The bracing of cold-formed steel (CFS) assemblies is critical to their performance. A proper bracing application provides lateral strength to the assembly and helps to prevent it from buckling under horizontal load.
What’s the right way to go?
The wrong way is to layer multiple bracing types, one on top of another. Some builders think such bracing redundancy has a cumulative lateral strengthening effect. But this is not true. Applying strap bracing, K-bracing and bracing boards together on the same wall prevents each bracing type from yielding its maximum lateral strength capacity, because each type has different ductility properties.
So, if a builder should use just one bracing type in his CFS-framed assembly, which is the clear favorite?
A research report, “Review of Strapping vs. K-Bracing,” from Scottsdale Construction Systems, Brisbane, Australia, shows that strap bracing, versus K-bracing, provides superior bracing capacity performance.
Strapping v. K-bracing
“Review of Strapping vs. K-Bracing,” authored by structural engineers, Thanuja Ranawaka and Dushan Alahakone of Scottsdale Construction Systems, concludes that strap bracing is superior to K-bracing.
The engineers studied three bracing systems:
- 0.75 – 30mm strap bracing using G550 steel
- 0.95 – 150mm strap bracing using G550 steel
- 450mm K-bracing using G550 steel
Each bracing type was tested separately using a 2.4m x 2.4m CFS-framed wall featuring G550-C90_37_0.75 studs. The researchers also tested various rivet and TEK screw combinations.
A hydraulic jack was mounted to the top corner of the frame to simulate lateral loading of the wall. The force applied was incrementally increased for each brace until structural failure occurred. Structural failure was determined both visually and by using a force meter.
And the winner is …
150mm strap bracing.
- The 150mm strap bracing failed a lateral loading force of 15.3 kN
- The 450mm K-bracing yielded to a much lower lateral loading force of 2.4 kN, at which point structural integrity was compromised
The 450mm K-bracing deflection sustained at the 2.4 kN load was measured to be 100mm. This greatly exceeded the deflection induced through the strap bracing.
Interestingly, the 150mm strap bracing connection face was not compromised under the loading tests. Rather, the lower wall member sustained the damage.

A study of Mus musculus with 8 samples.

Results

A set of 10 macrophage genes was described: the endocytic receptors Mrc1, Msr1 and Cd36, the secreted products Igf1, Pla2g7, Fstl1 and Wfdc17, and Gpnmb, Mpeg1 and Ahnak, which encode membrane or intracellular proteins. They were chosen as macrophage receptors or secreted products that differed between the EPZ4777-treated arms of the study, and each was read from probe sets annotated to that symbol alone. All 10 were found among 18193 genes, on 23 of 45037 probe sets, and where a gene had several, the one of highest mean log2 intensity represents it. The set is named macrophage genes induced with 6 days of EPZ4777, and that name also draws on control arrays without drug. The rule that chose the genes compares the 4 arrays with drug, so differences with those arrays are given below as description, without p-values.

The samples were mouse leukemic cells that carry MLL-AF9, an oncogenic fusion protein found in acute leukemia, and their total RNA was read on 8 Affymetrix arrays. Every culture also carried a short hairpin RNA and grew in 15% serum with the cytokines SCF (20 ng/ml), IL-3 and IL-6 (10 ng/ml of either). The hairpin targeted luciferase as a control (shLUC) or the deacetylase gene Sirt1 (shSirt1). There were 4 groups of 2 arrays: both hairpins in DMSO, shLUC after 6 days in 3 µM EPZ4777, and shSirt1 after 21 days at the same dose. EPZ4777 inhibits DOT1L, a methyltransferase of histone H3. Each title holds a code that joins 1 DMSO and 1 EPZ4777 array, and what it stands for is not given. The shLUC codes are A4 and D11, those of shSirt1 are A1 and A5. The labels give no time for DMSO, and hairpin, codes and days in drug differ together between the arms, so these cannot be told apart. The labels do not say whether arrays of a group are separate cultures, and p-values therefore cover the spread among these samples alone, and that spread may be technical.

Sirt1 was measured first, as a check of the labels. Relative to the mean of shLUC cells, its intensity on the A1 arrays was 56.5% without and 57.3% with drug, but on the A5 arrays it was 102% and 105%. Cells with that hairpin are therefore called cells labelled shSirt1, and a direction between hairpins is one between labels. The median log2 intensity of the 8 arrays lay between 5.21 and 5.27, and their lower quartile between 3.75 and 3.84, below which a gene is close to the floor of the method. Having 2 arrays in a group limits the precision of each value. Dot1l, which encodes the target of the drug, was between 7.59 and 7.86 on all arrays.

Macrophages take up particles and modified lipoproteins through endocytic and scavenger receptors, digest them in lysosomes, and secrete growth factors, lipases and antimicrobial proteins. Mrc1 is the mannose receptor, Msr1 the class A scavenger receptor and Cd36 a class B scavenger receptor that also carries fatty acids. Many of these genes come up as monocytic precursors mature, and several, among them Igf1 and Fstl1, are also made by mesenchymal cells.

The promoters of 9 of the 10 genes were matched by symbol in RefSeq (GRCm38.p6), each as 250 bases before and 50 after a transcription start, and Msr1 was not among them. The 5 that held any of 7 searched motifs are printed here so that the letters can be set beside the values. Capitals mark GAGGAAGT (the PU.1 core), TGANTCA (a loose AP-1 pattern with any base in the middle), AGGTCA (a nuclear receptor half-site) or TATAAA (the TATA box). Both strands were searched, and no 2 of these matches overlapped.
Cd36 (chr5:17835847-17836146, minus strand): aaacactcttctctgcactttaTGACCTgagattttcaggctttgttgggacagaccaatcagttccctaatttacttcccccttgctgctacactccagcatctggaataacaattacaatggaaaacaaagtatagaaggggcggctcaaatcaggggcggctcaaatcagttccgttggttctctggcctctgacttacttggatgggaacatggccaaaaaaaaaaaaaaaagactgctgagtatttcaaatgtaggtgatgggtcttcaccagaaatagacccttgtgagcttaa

Ranawaka and Alahakone write that if the wall had been framed with 0.95mm CFS steel studs, as opposed to 0.75mm studs, the load capacity of the 150mm strap bracing would have had even better results.
“As shown in the data collected through experimentation of Strap bracing and K-Bracing, it was evident that Strap bracing is the most suitable bracing method in comparison to K-Bracing,” say the authors in “Review of Strapping vs. K-bracing.”
Thus, 150mm strap bracing provides greater bracing capacity performance over K-bracing.
Learn more about CFS construction
The Steel Framing Industry Association (SFIA) offers a series of free continuing education programs on CFS framing. Here are a few topics of interest:
- SFIA101-20: A Guide to High Performance Cold-Formed Steel Assemblies
- SFIA102-20: Cold-Formed Steel and Mid-Rise Construction
- SFIA103-20: Sustainability of Cold-Formed Steel (LEED v.4)
- SFIA104-20 Equivalent “EQ” Cold-formed Steel Studs
- SFIA105-20: Energy Codes and Cold-Formed Steel Structures
- SFIA106-20: Specifying Cold-Formed Steel for Design and Construction Professionals
- SFIA107-20: Design of Hybrid Systems with Cold-Formed Steel
- SFIA108-20 Panelization for CFS Walls
Check out SFIA’s Education Resources page to see more courses and learn how you can receive continuing education credits from the American Institute of Architects.
The calculations featured in “Review of Strapping vs. K-Bracing” were conducted in accordance with Section 8 of Australian/New Zealand Standard 4600:2018. The basic premises and conclusions of the report, however, are applicable to the North American building market.
The information presented here is for illustrative purposes only. SFIA accepts no responsibility for the accuracy or completeness of the information or for loss or damage caused by any use thereof.